Orangutan: 10 Teeth and Counting!

Aisha knows Mom Indah is never far.

Aisha knows Mom Indah is never far.

It seems that orangutan youngster Aisha is getting a new tooth every two weeks! At almost nine months old, she now has a mouth full of teeth and is putting them to use. All day long Aisha is finding food and trying it out. On exhibit she tries the leaves on branches, lettuce, and anything else she can get away from her mom. Indah has gotten better about sharing her food with Aisha; she is even letting Aisha have a couple of pieces of her fruit in the morning. When inside, Aisha tries all of Indah’s food, even the biscuits. Yet with all this food exploration, Aisha’s primary source of food is from nursing.

Aisha can often been seen climbing on the ropes and hammocks in the exhibit, spending an increased time off of Mom. There are times when Aisha wants to climb, but Indah won’t allow her. Yet there are occasions when Indah prefers Aisha to climb rather than hang on her, but Aisha won’t let go. Sounds familiar, right moms? Aisha still spends most of her time on exhibit hanging onto Indah, so you might need to spend some time at the exhibit to see Aisha climbing and hanging around.

Inside the orangutan bedrooms, if Aisha is awake, she is off and running. Well, not running exactly, but she doesn’t stay idle for long. She is climbing and moving all around her bedrooms. Indah is now comfortable enough that she does not immediately pick up Aisha when we come into the building. Aisha is curious about people and will come over to the bars and reach out to us if we have something that she wants or is curious about. While Aisha is off Mom a lot, she still will not leave her or go anywhere without her.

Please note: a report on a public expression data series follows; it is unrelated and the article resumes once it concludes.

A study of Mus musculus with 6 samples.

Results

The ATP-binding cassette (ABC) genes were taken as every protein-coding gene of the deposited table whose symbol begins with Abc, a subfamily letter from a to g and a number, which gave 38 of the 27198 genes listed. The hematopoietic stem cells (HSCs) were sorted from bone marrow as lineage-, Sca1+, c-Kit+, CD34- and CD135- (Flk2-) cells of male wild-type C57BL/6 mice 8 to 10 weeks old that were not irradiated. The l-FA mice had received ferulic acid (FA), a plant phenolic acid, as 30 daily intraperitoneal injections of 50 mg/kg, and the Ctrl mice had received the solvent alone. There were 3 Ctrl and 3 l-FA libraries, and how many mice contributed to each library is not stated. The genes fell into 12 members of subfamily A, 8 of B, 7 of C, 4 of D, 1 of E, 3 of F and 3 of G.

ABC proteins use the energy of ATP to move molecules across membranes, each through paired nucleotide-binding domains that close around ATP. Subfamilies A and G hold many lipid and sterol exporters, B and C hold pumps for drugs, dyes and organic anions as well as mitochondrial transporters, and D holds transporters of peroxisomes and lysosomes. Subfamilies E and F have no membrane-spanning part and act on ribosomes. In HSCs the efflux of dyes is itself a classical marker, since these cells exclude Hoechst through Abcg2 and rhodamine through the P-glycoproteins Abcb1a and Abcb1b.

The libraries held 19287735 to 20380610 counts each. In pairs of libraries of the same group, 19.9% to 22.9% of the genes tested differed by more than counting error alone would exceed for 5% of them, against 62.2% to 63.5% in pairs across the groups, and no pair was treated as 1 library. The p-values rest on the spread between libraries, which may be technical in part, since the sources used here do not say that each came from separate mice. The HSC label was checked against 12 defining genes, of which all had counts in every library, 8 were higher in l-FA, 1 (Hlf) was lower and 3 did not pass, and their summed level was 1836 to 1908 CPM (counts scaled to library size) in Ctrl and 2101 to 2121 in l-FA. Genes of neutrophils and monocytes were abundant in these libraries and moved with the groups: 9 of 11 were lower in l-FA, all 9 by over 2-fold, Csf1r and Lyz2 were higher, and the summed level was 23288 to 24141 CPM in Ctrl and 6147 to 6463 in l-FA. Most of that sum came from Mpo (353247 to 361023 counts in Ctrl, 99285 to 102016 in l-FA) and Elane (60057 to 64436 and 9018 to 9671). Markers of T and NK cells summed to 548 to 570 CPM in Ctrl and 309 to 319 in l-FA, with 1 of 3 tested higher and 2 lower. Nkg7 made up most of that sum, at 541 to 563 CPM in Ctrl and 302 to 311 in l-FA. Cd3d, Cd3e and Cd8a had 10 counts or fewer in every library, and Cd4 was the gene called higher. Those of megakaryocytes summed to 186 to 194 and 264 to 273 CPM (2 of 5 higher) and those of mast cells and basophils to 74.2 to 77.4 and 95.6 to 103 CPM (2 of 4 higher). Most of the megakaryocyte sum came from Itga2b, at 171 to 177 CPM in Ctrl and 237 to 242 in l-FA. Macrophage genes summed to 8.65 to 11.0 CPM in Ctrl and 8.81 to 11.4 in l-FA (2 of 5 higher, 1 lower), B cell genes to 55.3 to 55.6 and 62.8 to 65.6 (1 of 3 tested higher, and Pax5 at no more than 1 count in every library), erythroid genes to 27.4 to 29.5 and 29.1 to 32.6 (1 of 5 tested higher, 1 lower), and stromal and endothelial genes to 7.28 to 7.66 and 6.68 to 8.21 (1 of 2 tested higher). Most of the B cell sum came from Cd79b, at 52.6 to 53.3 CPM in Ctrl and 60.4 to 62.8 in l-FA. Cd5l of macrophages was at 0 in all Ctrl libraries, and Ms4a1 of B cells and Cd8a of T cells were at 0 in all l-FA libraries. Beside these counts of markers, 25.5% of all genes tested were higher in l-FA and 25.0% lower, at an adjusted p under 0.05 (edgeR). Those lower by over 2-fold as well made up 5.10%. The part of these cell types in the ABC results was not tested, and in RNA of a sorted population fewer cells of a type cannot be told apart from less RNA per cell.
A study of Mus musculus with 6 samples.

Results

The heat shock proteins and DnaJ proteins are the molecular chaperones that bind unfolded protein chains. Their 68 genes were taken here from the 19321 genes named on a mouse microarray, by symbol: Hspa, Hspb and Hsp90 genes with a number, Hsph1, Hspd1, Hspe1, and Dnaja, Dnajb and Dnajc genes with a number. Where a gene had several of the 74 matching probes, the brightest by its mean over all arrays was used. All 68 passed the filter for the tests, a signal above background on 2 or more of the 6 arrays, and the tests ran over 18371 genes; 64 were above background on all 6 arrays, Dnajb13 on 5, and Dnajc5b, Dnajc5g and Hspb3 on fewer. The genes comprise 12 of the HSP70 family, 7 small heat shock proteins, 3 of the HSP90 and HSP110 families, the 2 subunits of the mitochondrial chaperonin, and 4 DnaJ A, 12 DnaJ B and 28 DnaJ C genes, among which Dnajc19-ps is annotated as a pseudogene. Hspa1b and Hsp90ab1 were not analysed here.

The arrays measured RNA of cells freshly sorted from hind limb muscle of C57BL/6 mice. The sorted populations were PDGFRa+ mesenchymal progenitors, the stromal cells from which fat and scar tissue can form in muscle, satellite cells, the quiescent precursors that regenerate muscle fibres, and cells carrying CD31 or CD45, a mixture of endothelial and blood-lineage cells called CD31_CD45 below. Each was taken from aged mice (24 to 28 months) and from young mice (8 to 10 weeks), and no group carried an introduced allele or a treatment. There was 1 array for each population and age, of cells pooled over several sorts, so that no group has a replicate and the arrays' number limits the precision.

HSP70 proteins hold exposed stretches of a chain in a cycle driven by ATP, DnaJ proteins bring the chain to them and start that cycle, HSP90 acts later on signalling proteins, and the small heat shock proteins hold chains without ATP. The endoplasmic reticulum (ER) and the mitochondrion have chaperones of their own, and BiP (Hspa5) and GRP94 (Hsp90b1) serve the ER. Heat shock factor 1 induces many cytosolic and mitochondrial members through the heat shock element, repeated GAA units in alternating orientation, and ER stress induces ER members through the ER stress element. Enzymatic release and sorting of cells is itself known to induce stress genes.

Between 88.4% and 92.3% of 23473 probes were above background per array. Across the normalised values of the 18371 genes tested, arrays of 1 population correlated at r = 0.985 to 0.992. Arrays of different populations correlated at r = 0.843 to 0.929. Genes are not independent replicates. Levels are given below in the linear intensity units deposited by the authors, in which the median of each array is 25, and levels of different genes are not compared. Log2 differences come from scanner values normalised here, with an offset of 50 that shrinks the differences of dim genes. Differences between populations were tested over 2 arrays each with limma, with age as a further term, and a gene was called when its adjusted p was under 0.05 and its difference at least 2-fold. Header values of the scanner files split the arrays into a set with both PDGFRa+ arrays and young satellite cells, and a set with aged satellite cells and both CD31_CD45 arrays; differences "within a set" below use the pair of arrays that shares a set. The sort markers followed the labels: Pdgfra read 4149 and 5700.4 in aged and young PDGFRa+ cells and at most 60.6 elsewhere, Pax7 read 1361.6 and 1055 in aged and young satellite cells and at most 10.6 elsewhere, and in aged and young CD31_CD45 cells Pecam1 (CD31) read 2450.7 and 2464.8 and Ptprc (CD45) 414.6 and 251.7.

I often get asked when we will be putting the siamangs and Indah and Aisha together. At this time, we do not want to rush the process and have not yet set a date for introductions. If we put them together too soon, we run the risk of Unkie, the male siamang, being aggressive and potentially hurting Aisha or causing Indah undo stress. We want to avoid any negative interaction. It is best to wait until Aisha is more mobile and Indah is confident in Aisha’s safety. This is still months away from any consideration.

I truly appreciate everyone’s support for our orangutans, and with your support, we can help save this species for future generations.

Tanya Howard is a senior keeper at the San Diego Zoo. Read her previous post, Orangutans: Why the Burlap?